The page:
17:23  07 december  2017
17:23  07 december  2017 Source:   vancouversun.com



A Richmond man who used a cleaver to inflict nearly 250 wounds during a fatal attack on his wife has been sentenced to life in prison with no parole eligibility for 12 years.

In November, a B.C. Supreme Court jury found Jian Hua “James” Wu guilty of the May 2014 second-degree murder of Jin “Jenna” Cheng in their apartment building.

It was the second trial of the accused after the first trial ended in November 2016 in a hung jury following 13 days of jury deliberations, one of the longest such deliberations ever in B.C.

At the time of the slaying, which occurred on the day of the couple’s second wedding anniversary, the pair were going through a difficult time in their marriage.


Several days before the fatal attack, the level of acrimony was high as Wu came to believe he’d been treated unfairly by his wife after being excluded from a family outing.

After being excluded from a family meal, he took a cleaver-type knife and approached her at the dinner table in their suite in the 7000-block Granville Avenue.

The victim suffered at least 250 stab and chop-type wounds, with her injuries most densely distributed over the left part of her neck and elsewhere over her head and neck and both of her hands.

Court heard that the blood-letting resulted in two injuries that likely caused her death —- the cutting of her jugular vein and the near-total cutting of her carotid artery.


“He continued the brutal attack despite having the ability to withdraw from his attack. It is most aggravating that Mr. Wu continued the attack, which commenced in the suite, into various locations in the hallway.”

The judge heard that Wu immigrated to Canada from China in 2000. He later met Cheng, his second wife, through online dating and married her in China before she moved to Canada to be with him in 2013.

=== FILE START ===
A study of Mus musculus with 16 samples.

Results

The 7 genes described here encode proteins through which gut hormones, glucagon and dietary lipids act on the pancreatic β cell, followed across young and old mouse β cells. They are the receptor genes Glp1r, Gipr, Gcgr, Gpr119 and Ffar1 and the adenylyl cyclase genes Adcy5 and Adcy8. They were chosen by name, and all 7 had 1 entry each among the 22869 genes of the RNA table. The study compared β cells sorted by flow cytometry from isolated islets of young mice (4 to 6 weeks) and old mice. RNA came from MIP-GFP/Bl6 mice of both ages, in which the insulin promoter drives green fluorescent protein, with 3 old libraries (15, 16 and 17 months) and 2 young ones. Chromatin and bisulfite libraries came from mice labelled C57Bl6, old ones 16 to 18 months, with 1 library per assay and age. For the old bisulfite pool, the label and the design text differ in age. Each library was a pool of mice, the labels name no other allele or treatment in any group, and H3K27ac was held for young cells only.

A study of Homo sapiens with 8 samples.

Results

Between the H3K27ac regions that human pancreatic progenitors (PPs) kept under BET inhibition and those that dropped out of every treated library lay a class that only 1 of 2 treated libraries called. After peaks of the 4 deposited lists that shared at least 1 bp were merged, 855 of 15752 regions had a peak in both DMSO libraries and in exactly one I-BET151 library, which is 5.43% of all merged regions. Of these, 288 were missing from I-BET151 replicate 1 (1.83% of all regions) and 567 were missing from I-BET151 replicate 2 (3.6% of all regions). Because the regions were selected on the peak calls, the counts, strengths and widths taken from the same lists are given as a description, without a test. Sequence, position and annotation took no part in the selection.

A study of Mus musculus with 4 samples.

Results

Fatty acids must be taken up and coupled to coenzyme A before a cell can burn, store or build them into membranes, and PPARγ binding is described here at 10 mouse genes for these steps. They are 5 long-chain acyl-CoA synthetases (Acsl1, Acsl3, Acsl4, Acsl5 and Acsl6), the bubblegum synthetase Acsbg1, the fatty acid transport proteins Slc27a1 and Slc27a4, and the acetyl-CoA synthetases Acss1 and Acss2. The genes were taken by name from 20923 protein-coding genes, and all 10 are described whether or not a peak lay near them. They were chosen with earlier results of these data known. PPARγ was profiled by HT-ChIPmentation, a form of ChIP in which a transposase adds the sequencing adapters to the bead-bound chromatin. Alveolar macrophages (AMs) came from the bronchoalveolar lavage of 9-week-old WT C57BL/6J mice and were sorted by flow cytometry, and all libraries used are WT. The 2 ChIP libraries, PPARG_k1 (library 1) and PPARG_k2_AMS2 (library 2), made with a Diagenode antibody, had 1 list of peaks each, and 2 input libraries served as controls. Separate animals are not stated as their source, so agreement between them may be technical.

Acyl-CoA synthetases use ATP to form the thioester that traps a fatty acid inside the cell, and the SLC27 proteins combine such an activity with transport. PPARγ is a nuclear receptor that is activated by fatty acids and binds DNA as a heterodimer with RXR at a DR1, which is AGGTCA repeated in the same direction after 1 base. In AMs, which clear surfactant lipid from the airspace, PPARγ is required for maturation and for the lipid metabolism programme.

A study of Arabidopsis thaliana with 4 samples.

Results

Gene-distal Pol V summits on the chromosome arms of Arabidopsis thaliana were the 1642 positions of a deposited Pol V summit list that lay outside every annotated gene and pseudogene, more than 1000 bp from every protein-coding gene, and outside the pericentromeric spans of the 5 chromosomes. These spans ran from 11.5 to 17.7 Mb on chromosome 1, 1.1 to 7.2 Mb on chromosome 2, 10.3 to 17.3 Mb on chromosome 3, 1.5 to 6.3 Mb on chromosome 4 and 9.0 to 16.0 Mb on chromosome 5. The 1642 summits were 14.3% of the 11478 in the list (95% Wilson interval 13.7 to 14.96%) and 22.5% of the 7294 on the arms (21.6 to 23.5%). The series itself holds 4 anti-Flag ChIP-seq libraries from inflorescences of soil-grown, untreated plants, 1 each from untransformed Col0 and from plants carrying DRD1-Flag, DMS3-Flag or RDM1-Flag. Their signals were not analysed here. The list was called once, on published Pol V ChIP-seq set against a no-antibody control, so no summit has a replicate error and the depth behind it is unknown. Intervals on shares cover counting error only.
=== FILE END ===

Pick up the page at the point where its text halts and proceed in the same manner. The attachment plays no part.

She noted that the mitigating factors for Wu included that he had no prior criminal record or history of violence and before the fatal attack had been a productive and law-abiding citizen in China and Canada.

The judge said that Wu had been a model prisoner since his arrest and there was every indication from his character and post-offence conduct that he will have a productive life in the future.


“He’s shown regret and remorse and expressed it at length to the court in English, his second language,” said Watchuk. “Importantly, Mr. Wu expressed sincere insight into the effect of his offence on the family of Ms. Cheng.”

Bo Cheng, the younger sister of the victim, had filed a statement in court in which she said the death of her loved one had changed their family “radically” and that a family that was once happy is “now covered with thick dark clouds.”

Second-degree murder carries a mandatory sentence of life in prison with a minimum of 10 years and a maximum of 25 years of parole ineligibility. The judge said the case was aggravated enough to call for 12 years without parole.

The Crown had asked for 15 years without parole while the defence argued that the minimum of 10 was appropriate.